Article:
How will “Breaking Bad” end?
How might the writers put a period on an epic journey into darkness, the devolution of a once-good man into a malicious human being?
Whether or not you're still rooting for Walter White — and he did begin as an appealing antihero, framed with an undeniable streak of black humor — you must know things can't end well for him.
Asked how the series should end, Bryan Cranston once joked that the characters ultimately would “hug it out.”
Don't hold your breath.
One of the constant achievements of television's Emmy-winning best drama is its ability to surprise the audience with inventive turns. We wouldn't presume to know what creator Vince Gilligan has planned, but Sunday's 75-minute finale, airing locally from 7-8:15 p.m. on AMC, has us guessing.
A few theories on how all “Bad” things must end:
• Walt (Cranston) manages to get himself back from frozen New Hampshire where he was hiding out, giving himself chemo injections, a bag of chemicals dangling from the antlers of a deer head on the wall, and returns to Albuquerque where, we know, his old home is now a tourist attraction. He turns his machine gun on his former partners in the invention that ended up leaving him embittered and marginalized: Gretchen and Elliott Schwartz of Gray Matter Technologies, who cut Walt out of a fortune, are toast.
• Jesse (Aaron Paul) has one more escape plan and successfully eludes the neo-Nazis after one last meth cook. He goes to Walt's house where, in a pathetic fit of anger, he spray-paints “Heisenberg” on the wall.
• Unless it's his son Junior (RJ Mitte) who spray-painted the place in anger at his father.
• After retrieving the vial from behind the switch plate in his former home, Walt ingests the ricin himself. His final act is aimed at outsmarting the cancer, outrunning the police and relieving his wife Skyler (Anna Gunn) and Junior of his destructive presence. Whether suicide would be a satisfying conclusion for those still rooting for Walt is irrelevant. It would be sad, but dramatically right. Oh, and after all this, Skyler and kids never see the money.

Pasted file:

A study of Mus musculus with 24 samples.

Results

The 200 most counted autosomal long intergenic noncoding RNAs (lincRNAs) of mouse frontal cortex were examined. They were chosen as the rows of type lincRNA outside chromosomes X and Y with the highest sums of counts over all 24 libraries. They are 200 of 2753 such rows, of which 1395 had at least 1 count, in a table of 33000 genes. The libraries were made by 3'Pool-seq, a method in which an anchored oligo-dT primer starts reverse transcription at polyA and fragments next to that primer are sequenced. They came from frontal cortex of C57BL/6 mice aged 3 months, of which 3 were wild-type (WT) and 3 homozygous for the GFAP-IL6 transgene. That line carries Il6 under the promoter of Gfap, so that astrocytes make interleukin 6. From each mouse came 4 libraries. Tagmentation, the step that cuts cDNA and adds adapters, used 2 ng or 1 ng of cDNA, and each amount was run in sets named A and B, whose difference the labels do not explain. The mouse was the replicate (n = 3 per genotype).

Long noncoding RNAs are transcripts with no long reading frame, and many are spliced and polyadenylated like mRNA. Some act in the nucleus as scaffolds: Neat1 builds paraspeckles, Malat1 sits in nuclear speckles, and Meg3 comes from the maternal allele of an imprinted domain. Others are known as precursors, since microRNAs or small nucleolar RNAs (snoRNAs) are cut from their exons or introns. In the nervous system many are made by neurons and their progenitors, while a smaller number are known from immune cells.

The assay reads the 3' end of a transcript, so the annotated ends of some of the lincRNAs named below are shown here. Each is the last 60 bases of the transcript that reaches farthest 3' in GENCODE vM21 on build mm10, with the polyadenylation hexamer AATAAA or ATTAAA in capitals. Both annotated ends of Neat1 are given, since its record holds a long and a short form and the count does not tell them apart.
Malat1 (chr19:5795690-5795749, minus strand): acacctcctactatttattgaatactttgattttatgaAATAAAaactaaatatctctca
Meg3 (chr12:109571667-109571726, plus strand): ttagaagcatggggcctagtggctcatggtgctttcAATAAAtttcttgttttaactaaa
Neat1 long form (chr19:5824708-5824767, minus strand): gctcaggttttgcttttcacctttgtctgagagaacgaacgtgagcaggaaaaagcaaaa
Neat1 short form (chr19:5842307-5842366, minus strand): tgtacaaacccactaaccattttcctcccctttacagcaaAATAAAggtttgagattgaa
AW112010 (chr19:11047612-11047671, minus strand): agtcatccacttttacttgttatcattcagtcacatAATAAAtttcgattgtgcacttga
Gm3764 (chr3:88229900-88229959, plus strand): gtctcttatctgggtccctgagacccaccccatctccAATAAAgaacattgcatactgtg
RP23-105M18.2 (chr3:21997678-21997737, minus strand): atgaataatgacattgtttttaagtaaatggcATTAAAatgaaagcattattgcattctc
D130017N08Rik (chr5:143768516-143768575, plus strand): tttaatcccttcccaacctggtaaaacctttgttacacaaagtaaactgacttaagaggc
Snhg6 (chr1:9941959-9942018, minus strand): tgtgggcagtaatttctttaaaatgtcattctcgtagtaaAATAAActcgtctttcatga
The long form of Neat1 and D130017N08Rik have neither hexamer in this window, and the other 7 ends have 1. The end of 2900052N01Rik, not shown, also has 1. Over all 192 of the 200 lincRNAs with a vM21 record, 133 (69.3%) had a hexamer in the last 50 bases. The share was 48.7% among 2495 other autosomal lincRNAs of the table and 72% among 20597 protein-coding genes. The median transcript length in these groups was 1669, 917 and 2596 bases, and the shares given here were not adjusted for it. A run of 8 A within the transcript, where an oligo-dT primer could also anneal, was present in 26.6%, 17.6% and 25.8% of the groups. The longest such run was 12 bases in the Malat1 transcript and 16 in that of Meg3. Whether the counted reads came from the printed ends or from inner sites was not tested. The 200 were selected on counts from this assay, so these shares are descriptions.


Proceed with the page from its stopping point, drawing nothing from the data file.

• Or ... Walt kills his son, maybe accidentally, completing his transformation from Mr. White into Heisenberg and finishing the character's journey from Mr. Chips to Scarface. In previous episodes, Junior wished his father dead and protected his mother from his raging father. Junior has grown into a better man than his father, a fully adult opponent to Walt (read Oedipal meaning into the family triangle). Junior must die by Walt's hand in the finale to cement the idea that WW is irredeemable. While Walt has spoken endlessly of the primacy of family, his actions belie his words; he is now permanently exiled from the thing he claims to hold dear, the family.
• Or ... Junior kills his dad, becoming in essence the man of the house, ending the torment for Skyler and himself, and paying Walt back for the murder of uncle Hank (Dean Norris). The image of Junior in shackles, headed for prison, is one more heartbreak demonstrating the unintended consequences of his father's bad decisions. Skyler looks on, detached from reality, now completely dissociated (not in the chemical sense, but in the psychological sense). She's not breaking bad, she's breaking schizophrenic. Breaking, breaking broken.
• A few loose ends need tying. Huell? Uncle Jack? Todd? Maybe all fall at the hand of the desperate, deranged Walter White in a final shootout as the cops storm the meth lab. Marie (Betsy Brandt) and Skyler share one more not-so-sisterly verbal smackdown. And Jesse lives to locate Andrea's son Brock, now motherless, who is shown watching news of escalating drug violence on TV. Walt coldly kills Jesse, his one-time surrogate son, before Jesse can whisk Brock to safety as the series concludes.
• Or just maybe, Walt settles into a seat at the diner where Todd and Lydia held their secret meetings and opens the menu. A stranger in a Members Only jacket enters. The man walks through the diner eyeing the customers, takes out a gun, fires several shots off-camera and the screen fades to black.